There are many phrases that exist in the sports world about what it takes to create a successful team. While expressions like how a team is only as strong as its weakest link or that everyone has to pull equal weight are true, developing a strong coaching staff goes a lot deeper than that.
It is important to remember that every coach behind the bench serves a unique purpose on the team and each brings different viewpoints, ideas, experiences and perspectives that shouldn’t be wasted or ignored.
While it may seem useful to have each coach focus on a specific area of the game, it is extremely important to be familiar with all aspects of it. In practices, coaches can divide players into smaller groups to allow for more reps and then rotate between stations. This will also allow for a more focused approach and give the ability to pay attention to every player. Remember to reconvene at the end of practice and review any notes that may have come up.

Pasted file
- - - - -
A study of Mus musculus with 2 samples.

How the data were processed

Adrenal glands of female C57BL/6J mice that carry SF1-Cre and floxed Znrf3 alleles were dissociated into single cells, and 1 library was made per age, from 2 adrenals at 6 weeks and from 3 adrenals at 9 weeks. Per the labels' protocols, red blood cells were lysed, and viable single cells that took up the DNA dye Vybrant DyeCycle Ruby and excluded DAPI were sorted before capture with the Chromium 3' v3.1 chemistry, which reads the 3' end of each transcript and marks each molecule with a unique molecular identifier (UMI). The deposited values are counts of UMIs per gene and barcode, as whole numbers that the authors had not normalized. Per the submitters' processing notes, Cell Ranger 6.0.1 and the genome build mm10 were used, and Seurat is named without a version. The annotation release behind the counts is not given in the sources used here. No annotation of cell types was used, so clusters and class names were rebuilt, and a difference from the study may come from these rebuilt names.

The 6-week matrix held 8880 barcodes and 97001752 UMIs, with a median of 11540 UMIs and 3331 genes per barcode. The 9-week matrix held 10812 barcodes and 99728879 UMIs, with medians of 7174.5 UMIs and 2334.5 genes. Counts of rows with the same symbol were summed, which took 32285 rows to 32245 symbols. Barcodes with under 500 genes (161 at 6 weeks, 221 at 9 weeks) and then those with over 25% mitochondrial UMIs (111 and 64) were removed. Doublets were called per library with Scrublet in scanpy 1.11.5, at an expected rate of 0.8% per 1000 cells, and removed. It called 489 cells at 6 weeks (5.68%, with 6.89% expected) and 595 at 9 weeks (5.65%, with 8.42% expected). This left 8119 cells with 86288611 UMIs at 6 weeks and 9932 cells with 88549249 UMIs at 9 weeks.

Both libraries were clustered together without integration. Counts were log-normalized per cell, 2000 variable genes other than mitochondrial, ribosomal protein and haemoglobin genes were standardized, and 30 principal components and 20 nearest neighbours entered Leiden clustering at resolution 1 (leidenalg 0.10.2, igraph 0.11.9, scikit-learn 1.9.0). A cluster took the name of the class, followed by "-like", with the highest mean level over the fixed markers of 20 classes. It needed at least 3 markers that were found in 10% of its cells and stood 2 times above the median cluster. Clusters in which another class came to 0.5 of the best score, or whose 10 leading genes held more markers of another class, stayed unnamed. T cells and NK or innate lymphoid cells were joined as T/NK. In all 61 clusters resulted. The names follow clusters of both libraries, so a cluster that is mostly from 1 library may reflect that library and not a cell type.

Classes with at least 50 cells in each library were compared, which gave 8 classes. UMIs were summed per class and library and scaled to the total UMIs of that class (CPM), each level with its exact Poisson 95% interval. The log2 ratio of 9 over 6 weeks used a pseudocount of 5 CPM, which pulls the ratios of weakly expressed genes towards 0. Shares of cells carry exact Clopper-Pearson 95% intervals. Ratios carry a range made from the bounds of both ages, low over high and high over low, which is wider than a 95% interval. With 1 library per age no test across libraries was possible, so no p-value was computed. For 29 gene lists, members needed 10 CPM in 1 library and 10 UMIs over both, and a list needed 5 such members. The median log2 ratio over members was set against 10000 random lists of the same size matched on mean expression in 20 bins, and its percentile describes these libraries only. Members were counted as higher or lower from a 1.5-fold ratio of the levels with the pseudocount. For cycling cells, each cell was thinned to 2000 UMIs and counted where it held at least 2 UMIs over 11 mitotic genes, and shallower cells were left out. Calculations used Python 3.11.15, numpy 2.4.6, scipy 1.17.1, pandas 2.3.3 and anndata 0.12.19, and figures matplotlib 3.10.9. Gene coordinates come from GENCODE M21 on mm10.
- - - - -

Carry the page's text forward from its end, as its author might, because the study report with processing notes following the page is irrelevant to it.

Try and get the coaching staff together early in the season for off ice team building exercises. Build teamwork and communication early on. Remember that delivering the same message, whether it be to parents or players, saves from dealing with confusion from different answers. Schedule meetings at set intervals during the season to evaluate and review what’s happened to that point. Set goals you want for the team to reach and track their progress.
For the head coach, feedback is important to help improve your team. Coaches should feel comfortable sharing opinions with each other. Always keep the lines of communication open with the rest of your staff. Let them know what they’ve done, good or bad, and trust and value their opinions. Let them lead at the appropriate times and give them responsibility. It will make your job a whole lot easier by letting others take charge when needed.